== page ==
By Erika Morphy
Dec 13, 2012 3:13 PM PT

The Federal Bureau of Investigation has arrested 10 individuals from around the world, including the United States, which it alleges are part of an international cybercrime ring linked to the Yahos malware. Yahos is associated with the notorious Butterfly botnet, which compromised more than 11 million computer systems and resulted in an estimated US$850 million in losses from the theft of consumers' credit cards and bank accounts.

FBI Takes 10 Alleged Botnet Operators Offline

Facebook lent a hand in this latest takedown by helping to identify the root cause, the perpetrators, and those affected by the malware. Yahos targeted Facebook users from 2010 to October 2012.

Public-Private Endeavors

The FBI received cooperation from its field offices around the country and counterparts in many nations. However, the role of Facebook stands out in this particular case, as it illustrates the necessity of public-private partnerships to stamp out cybercrime.

Taking down an almost billion-dollar syndicate would not be possible without these cooperative efforts, Robert Siciliano, CEO of, told TechNewsWorld.

"In this case, Facebook -- being the platform that organized crime used to launch the attacks -- was in the best position to respond and coordinate with the FBI to thwart future attacks," he said.

Whack-a-Mole Enforcement?

Still, like most initiatives against cybercrime, there is only so much that can be expected from one particular bust. It is not unheard of for even high-profile botnet takedowns to be likened to games of whack-a-mole, with little change from an overall security perspective.

"This one botnet affected 11 million, and in time we will see these numbers quadruple -- and vast populations will continue to be affected by cybercrime as the single most lucrative get-rich-quick opportunity in history," said Siciliano.

Then again, cybersecurity is hardly a static industry -- and that's true of tactics used by law enforcement as well.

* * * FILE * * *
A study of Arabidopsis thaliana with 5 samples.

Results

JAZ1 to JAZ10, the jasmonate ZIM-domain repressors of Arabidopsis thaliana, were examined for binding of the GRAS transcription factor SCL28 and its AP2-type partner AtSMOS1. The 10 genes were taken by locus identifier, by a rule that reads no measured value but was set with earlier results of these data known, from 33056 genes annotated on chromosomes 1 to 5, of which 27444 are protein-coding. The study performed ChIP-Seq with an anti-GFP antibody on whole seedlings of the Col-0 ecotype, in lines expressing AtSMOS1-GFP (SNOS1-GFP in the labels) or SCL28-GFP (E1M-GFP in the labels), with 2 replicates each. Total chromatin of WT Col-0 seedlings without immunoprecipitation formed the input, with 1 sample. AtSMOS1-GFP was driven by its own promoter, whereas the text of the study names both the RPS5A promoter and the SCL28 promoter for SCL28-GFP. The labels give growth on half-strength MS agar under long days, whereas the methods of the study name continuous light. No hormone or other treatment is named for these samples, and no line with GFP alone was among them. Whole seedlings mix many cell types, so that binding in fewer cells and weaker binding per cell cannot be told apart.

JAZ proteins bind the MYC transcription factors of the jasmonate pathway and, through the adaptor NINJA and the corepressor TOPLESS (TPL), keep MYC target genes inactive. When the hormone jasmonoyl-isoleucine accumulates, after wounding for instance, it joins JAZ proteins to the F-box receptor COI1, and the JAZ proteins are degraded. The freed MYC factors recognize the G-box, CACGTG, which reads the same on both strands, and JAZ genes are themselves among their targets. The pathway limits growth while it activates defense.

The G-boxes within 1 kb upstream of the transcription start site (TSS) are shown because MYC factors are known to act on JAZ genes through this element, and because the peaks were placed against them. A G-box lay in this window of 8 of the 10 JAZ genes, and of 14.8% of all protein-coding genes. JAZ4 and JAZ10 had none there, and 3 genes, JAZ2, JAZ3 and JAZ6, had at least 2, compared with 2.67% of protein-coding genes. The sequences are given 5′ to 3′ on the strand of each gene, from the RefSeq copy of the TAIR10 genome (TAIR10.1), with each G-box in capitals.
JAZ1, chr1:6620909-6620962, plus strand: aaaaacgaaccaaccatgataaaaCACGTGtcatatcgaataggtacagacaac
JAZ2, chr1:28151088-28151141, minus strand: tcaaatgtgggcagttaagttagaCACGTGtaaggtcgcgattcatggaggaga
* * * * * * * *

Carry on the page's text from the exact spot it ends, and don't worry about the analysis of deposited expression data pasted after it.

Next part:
"Law enforcement is getting better at identifying cybercriminals, and I expect them to get better still, though cybercrime is still growing," said Steptoe partner Stewart Baker, former first assistant secretary for policy at DHS.

"'Whack-a-mole' is too harsh a word for this," he told TechNewsWorld. "We will never completely end cybercrime, just as we will never end other forms of fraud or other crimes generally. What we need to do is make it much more dangerous and much less profitable for the hackers. This is a small down payment on that goal."

As for this particular case, it is difficult to come to any conclusions, said Graham Cluley, senior technology consultant with Sophos.

"Facebook and the FBI haven't released much information, and we don't know how many, if any, gang members might still have their liberty," he told TechNewsWorld.

"Nonetheless, we can assume that once again things have just gotten a little bit hotter for this corner of the computer underground -- and with luck, some might consider whether it is wise for them to continue to follow a life of crime."

Behind the Scenes, a Different View

For cybergangs and the people who chase them, it is what is not being publicly announced that is most telling.

"What both cybergangs and individual cyberpunks often don't appreciate is the extent to which useful intelligence about them can be gathered from social media," Steve Lee, managing partner of Steve Lee & Associates, told TechNewsWorld.

"Through Facebook particularly, but also through other social networking interfaces, there are unusually potent opportunities for law enforcement to socially engineer meetings, stings, obtain IP addresses, observe behaviors and even capture images from bad actors," he pointed out.

If the cybergang that was the subject of the recent takedown compartmentalized itself like an al-Qaeda cell, he continued, then it's possible this will amount to "whack-a-mole on steroids." However, if the cybergang's members have been less than fastidious about isolating themselves from other members, as is probable, then more than 10 are likely to be at risk, Lee said.

"That said, we can expect others to learn, adapt and overcome. Unfortunately, their processes and procedures tend, for the most part, to be steps ahead of the good guys that are typically in a reactive posture," he noted.

So, while the game board has not permanently tilted against the black hats, the federal authorities have made cyberplunder more difficult, expensive and risky for the bad guys, Lee concluded -- for now, at least.